Historically, in production environments, the industry standard has been to run spindles to failure. We know from our 30 years of spindle repair experience that this is a cost prohibitive strategy, not only from a repair cost perspective, but also from the associated machine down time. The result of running a spindle to failure or above recommended velocity thresholds cause excessive and unnecessary damage including, but not limited to: installation of new bearings, grind-chrome plate-regrind of shaft bearing journals, grind-chrome plate-regrind of the housing bores and/or stator rewinds. By removing the spindle when the vibration levels are in the lower end of the velocity and acceleration thresholds you significantly reduce the extent of damage that is caused as the bearings begin to deteriorate. This would typically result in a repair including but not limited to: installation of new bearings and very little if no grind-chrome plate-regrind needed. The result represents an average cost savings of 71% on the spindle repair cost alone. The savings in machine down time, production losses, unscheduled personnel costs and material expenses are significantly more.
Understanding vibration signatures, balancing, tool holder and draw bar maintenance can help lower the cost of spindle repair and downtime. In this workshop, you will learn about these technologies and how to apply them to your machine tool program. You will also hear from David Stancil, a reliability and maintenance professional who has applied these strategies and technologies in Borg-Warner’s reliability maintenance program. Learn about the strategies that help make your spindle maintenance program world class.
Tom Hoenig, President of GTI Spindle Technology will present an overview of the benefits of implementing a vibration program for spindles to monitor spindle health and predict and prevent potential failures to minimize downtime and repair costs. The presentation will include real-world case studies of instances when vibration monitoring was used to detect and prevent catastrophic failure.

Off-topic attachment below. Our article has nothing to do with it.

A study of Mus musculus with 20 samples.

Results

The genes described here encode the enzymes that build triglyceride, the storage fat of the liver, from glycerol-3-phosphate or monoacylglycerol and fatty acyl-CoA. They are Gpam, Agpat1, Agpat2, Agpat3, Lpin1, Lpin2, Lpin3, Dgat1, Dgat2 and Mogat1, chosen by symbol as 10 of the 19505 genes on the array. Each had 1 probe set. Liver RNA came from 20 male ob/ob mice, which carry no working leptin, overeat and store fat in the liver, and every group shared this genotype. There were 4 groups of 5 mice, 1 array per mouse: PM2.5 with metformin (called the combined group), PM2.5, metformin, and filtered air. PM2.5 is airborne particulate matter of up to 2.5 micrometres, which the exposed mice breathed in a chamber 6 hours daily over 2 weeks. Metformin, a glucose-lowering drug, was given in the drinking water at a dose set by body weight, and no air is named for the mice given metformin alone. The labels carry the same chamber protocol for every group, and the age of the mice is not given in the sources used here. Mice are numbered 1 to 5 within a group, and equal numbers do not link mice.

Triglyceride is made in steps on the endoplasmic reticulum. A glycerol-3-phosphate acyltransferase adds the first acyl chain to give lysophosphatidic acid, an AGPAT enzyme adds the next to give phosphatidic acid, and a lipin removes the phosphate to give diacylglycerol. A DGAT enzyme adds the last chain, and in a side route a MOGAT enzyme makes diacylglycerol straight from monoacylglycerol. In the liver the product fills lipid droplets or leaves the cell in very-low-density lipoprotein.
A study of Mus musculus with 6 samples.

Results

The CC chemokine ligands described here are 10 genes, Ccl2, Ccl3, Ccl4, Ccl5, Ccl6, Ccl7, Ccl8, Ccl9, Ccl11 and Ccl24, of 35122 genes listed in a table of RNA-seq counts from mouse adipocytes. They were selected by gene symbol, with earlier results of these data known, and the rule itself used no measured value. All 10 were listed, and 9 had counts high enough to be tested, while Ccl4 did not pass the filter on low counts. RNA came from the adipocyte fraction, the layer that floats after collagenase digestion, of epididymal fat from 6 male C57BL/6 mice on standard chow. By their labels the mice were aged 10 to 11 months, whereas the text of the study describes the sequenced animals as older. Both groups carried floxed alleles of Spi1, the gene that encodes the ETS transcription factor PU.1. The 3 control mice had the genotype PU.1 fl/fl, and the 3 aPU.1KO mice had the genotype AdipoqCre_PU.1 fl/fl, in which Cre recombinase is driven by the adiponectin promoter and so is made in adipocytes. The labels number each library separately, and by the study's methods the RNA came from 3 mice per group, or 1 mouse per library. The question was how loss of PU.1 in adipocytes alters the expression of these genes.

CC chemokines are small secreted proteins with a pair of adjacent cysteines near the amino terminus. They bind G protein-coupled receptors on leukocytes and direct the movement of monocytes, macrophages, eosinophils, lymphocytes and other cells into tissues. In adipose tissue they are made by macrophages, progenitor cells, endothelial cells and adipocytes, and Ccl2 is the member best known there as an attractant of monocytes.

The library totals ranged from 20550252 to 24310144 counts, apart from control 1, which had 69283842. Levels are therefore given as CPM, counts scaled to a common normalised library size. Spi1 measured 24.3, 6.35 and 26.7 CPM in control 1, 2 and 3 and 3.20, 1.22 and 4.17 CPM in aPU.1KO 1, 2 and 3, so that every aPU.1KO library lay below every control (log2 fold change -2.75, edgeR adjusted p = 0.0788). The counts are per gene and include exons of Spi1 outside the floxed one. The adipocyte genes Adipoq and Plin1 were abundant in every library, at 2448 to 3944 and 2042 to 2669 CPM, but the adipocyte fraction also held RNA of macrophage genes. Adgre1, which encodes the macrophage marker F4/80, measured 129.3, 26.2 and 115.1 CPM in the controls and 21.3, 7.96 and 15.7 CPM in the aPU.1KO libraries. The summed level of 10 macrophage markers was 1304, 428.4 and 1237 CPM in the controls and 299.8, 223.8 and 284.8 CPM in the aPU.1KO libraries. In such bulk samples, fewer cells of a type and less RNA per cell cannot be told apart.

Harold Goellner, President of Advanced Machine and Engineering will present “Industry 4.0 lives in your spindle” addressing topics such as condition monitoring (MSU), Steep tape, HSK tool standards clamping issues and how to minimize downtime of your machine tool spindles.
David Stancil, Maintenance Reliability, CMRT of BorgWarner PowerDrive Systems will present case studies on the practical application of vibration monitoring strategies for machine tools programs.
Tom Hoenig, President of GTI Spindle Technology
Tom has over 25 years of experience working with machine tools, spindles and the application of vibration monitoring for the improvement of machine tool reliability.
Harold Goellner, President of Advanced Machine and Engineering
Harold works closely with the people that design, build, and operate the machines that power the manufacturing industry. His career has centered around machine tool spindles, specifically the tool clamping systems within them. Harold was born in Germany, the son of a passionate craftsman, inventor, and machine tool designer. Harold started his career as a journeyman machinist and is now the President of Advanced Machine and Engineering.
David Stancil, Maintenance Reliability, CMRT of BorgWarner PowerDrive Systems
David was born and raised in Clemson, SC and is 12-year United States Air Force veteran as an F-16 Avionics Craftsman. David is certified for Vibration, Thermography, Oil Analysis, and Ultrasound. David is responsible for the reliability of all of the assets at BorgWarner in Seneca, SC.